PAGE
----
An international coalition, Stop Climate Chaos, rallied its troops in the uk "to save the planet and billions of people on it from the catastrophic destabilisation of global climate". Activists raised their voices on December 8, hoping to be heard halfway across the world in Bali.
A hundred activists marched up Hope Street in Glasgow that wet morning demanding more action from governments on climate change. It was a cold march to dampen the spirits, as even some of the participants were not sure what their stand was. Amid the banners, fake polar bears and papier mache globes, were students, grannies or parents with push chairs wrapped up to face the cold. Christmas shoppers curiously stared at the small crowd chanting "Act before its Too Late" without really understanding what was going on. In fact some of the marchers were themselves not sure what the march was about. Ruth, a student at Edinburgh University, says, "I want our leaders to be sensible in what they choose to do", then asks intrigued "what is happening in Bali?"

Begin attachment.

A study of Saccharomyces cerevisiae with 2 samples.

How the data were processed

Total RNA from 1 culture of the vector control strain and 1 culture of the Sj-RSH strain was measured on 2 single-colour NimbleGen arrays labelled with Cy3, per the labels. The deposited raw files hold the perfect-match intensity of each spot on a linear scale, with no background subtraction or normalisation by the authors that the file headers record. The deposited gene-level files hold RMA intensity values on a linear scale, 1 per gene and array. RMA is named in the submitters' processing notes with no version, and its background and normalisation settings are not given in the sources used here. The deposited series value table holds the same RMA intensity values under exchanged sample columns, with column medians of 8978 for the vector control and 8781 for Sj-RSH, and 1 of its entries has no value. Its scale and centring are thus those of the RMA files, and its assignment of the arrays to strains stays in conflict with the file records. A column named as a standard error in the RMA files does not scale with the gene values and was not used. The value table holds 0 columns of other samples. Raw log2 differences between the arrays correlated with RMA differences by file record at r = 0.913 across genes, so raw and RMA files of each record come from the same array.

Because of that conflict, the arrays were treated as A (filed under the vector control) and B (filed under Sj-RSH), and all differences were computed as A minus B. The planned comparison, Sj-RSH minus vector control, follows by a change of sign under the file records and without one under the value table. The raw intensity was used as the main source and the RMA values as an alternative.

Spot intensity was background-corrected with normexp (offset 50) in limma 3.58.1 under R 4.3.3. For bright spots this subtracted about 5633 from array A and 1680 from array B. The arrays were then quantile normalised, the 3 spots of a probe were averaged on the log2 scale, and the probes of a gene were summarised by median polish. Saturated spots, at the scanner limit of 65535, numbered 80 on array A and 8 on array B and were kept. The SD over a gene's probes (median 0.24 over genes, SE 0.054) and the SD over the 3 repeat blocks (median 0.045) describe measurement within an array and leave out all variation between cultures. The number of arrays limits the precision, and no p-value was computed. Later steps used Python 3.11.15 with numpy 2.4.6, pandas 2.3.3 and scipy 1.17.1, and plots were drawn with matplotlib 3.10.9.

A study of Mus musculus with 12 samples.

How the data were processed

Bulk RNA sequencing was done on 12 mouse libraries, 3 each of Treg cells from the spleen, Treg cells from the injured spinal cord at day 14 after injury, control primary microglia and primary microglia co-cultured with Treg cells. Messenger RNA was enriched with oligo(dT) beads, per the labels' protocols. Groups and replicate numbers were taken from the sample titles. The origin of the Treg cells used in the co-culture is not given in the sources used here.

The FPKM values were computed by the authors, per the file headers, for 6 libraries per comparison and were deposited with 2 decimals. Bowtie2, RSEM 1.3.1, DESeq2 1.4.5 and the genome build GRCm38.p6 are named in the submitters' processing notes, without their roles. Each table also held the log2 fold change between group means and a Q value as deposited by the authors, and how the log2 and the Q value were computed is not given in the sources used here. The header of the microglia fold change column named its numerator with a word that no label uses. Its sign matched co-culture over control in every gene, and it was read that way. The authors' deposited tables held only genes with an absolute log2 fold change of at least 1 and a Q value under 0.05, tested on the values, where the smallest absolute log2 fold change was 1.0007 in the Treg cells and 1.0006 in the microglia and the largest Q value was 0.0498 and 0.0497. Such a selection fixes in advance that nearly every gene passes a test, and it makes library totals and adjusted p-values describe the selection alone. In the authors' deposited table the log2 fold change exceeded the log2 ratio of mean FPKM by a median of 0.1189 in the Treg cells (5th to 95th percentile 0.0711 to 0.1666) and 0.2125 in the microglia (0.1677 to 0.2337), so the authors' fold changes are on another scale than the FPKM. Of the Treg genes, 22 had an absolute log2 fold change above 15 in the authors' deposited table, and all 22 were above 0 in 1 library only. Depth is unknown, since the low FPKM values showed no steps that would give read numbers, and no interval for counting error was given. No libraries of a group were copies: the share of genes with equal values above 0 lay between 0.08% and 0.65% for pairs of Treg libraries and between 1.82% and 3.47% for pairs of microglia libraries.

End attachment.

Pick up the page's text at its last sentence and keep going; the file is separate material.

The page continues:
In London, the coalition gathered 10,000 people to march from the Houses of Parliament towards the us embassy and demanded concrete action. On bike and on foot, to the sound of Samba drums, marchers used the Bali talks to raise awareness about climate change and insist on strong action. Compared to Glasgow, the crowd seemed better informed thanks to various events organized around the city.
The marchers even went and knocked on Prime Minister Gordon Brown's door in Downing Street, he was given a letter asking for a strong climate change bill in the uk. The final action took place in front of the us Embassy, organizers hoped to thus pressure the us to actively participate in fighting climate change.